UK approves Pfizer’s Covid-19 vaccine; roll-out from next week
The UK on Wednesday approved a Covid-19 vaccine, developed by Pfizer and BioNTech, with 800,000 doses to be administered starting next week, marking the fastest development of any vaccine in history, from the design stage to approval within a year.
The first country to approve a Covid-19 vaccine, the UK has ordered 40 million doses, with 800,000 doses arriving from its production base in Belgium next week. The UK’s regulator said the coronavirus vaccine was approved after rigorous, scientific and detailed review of rolling data.
The usual prolonged process of vaccine development involving several years of design, clinical trials and regulatory scrutiny has been expedited to within 10 months in the case of Covid-19, marking a new phase in the history of global public health.
June Raine, chief executive of the Medicines and Healthcare products Regulatory Agency (MHRA), said “no corners were cut” while assessing the data. The UK’s health officials said the elderly and those above 80 years will be prioritised when the first doses arrive.
Raine said, “We have carried out a rigorous scientific assessment of all the available evidence of quality, safety and effectiveness. The public’s safety has always been at the forefront of our minds - safety is our watchword.”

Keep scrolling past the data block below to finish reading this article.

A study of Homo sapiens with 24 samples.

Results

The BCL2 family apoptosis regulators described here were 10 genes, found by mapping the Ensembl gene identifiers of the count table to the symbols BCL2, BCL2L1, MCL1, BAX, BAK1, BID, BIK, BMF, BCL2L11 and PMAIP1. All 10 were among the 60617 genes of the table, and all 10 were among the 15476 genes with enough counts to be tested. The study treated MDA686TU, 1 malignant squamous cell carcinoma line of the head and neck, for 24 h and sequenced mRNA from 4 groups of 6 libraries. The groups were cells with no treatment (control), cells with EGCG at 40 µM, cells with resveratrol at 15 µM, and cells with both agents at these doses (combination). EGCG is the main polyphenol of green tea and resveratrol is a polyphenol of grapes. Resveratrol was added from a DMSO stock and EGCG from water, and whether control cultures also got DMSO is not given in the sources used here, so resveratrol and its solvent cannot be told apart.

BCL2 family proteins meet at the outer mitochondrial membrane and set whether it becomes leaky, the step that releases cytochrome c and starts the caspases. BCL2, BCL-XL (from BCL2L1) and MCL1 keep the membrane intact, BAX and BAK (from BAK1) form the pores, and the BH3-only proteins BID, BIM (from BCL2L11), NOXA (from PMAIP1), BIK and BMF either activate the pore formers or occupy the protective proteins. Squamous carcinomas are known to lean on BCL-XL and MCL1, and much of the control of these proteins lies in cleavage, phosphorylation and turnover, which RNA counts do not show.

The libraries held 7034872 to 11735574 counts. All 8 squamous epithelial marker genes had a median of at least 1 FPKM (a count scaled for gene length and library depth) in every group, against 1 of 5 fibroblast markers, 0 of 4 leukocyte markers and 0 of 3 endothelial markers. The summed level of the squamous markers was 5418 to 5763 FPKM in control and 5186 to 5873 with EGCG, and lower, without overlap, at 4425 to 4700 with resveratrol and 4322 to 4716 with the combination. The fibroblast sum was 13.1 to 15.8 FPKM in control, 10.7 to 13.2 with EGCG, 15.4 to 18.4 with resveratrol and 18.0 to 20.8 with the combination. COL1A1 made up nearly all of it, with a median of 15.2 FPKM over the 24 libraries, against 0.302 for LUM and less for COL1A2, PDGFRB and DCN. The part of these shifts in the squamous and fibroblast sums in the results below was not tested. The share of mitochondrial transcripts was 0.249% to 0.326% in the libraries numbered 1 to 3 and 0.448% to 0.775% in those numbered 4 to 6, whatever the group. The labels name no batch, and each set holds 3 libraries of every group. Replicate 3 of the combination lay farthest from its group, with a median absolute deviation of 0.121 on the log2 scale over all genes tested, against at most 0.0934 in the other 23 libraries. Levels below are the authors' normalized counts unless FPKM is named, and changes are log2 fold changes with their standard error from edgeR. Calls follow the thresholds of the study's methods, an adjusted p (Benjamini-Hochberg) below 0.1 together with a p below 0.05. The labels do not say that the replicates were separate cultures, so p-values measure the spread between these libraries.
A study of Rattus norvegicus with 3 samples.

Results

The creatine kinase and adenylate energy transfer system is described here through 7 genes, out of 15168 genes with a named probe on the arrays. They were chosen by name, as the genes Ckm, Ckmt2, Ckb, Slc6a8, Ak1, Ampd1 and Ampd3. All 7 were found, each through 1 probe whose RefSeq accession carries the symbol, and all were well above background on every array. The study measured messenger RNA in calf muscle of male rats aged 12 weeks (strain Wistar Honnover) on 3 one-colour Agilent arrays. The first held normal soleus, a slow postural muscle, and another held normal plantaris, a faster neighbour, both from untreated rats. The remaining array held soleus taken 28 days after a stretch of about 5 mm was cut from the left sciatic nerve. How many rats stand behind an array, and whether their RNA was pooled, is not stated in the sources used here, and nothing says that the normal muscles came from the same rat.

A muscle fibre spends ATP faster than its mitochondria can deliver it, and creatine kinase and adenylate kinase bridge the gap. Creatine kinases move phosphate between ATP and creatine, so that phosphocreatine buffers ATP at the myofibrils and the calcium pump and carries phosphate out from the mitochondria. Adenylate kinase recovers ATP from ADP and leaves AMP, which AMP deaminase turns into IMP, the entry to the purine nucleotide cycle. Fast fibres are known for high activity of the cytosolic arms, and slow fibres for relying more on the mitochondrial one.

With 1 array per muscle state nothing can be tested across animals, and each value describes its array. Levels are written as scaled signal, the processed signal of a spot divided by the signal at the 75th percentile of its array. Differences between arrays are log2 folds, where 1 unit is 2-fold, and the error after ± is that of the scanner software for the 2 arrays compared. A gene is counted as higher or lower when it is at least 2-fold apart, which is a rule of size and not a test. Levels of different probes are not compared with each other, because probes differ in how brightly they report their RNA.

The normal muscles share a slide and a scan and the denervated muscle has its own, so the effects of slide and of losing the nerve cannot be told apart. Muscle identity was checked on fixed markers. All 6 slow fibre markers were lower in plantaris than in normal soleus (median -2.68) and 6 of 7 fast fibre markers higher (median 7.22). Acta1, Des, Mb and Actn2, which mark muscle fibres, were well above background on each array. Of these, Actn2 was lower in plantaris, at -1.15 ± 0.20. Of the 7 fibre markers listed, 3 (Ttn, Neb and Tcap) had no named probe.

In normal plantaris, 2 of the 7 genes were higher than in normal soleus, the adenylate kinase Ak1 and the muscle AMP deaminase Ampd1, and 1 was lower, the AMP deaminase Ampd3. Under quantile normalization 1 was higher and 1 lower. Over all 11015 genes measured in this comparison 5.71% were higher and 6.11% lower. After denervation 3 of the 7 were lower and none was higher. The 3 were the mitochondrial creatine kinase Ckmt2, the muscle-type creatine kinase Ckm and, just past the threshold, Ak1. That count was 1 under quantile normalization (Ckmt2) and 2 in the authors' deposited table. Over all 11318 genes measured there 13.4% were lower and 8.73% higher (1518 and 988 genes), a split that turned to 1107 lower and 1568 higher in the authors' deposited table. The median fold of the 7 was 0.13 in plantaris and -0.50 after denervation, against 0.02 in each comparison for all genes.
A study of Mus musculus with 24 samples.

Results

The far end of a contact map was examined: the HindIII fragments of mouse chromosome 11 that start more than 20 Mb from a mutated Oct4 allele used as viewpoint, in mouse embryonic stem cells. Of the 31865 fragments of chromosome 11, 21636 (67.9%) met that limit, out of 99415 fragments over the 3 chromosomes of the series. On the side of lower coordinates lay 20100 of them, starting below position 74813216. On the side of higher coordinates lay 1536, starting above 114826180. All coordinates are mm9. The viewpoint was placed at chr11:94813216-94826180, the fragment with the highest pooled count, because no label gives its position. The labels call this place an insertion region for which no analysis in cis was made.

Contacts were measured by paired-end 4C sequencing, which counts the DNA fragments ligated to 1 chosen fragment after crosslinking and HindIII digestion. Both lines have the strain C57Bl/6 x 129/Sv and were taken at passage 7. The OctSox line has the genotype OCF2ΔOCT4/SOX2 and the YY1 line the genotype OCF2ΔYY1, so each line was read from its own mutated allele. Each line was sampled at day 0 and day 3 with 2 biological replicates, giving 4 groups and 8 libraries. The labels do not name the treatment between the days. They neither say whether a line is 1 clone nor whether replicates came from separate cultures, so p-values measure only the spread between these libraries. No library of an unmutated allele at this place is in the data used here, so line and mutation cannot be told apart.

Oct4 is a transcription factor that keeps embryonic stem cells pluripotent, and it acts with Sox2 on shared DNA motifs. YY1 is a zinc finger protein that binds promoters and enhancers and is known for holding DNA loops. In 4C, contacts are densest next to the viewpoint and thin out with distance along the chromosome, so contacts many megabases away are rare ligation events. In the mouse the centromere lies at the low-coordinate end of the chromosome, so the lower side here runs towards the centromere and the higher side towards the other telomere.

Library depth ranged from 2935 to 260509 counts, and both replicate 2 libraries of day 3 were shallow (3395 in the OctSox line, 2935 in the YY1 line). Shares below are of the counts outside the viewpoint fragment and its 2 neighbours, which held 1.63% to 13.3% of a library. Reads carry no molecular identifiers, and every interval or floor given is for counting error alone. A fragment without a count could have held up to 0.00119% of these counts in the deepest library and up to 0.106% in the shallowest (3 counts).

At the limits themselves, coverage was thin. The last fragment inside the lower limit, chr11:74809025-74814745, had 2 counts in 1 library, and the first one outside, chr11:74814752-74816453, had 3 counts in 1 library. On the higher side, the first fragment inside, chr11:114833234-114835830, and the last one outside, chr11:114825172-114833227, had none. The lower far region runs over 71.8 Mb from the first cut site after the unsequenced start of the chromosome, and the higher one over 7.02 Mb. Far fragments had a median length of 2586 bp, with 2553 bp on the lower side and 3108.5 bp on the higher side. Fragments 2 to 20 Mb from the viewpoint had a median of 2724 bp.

“I’m really pleased to say that the UK is now one step closer to providing a safe and effective vaccine to help in the fight against Covid-19 - a virus that has affected each and every one of us in some way - and in helping to save lives,” she added.
Prime Minister Boris Johnson hailed the development as “fantastic” while a “thrilled” health secretary Matt Hancock reiterated his belief that normalcy would return by April. Johnson said, “It’s the protection of vaccines that will ultimately allow us to reclaim our lives and get the economy moving again.”
Hancock, however, sounded a note of caution, asking Britons to see through the winter months by following restrictions until coronavirus vaccines are rolled out on a wide scale. “We can’t lower our guard yet,” said Chris Whitty, England’s chief medical officer.
The vaccine with 95% efficacy needs to be initially refrigerated in bulk in “freezer farms” at between minus 70-80 degrees Celsius when doses arrive.
It then has 10 days to reach vaccination centres, and once delivered, it can be stored up to five days in a fridge between 2-8 degrees Celsius, and administered.
Arrangements are being made by the National Health Service (NHS) for mass vaccination across the UK.
An official spokesperson said, “The NHS has decades of experience in delivering large-scale vaccination programmes and will begin putting their extensive preparations into action to provide care and support to all those eligible for vaccination.
“To aid the success of the vaccination programme, it is vital everyone continues to play their part and abide by the necessary restrictions in their area, so we can further suppress the virus and allow the NHS to do its work without being overwhelmed.”
The MHRA is currently analysing data from trials of the University of Oxford-AstraZeneca and Moderna vaccines. The former is expected to be the mainstay of countering the virus in the UK, India and elsewhere due to its low cost and logistical ease.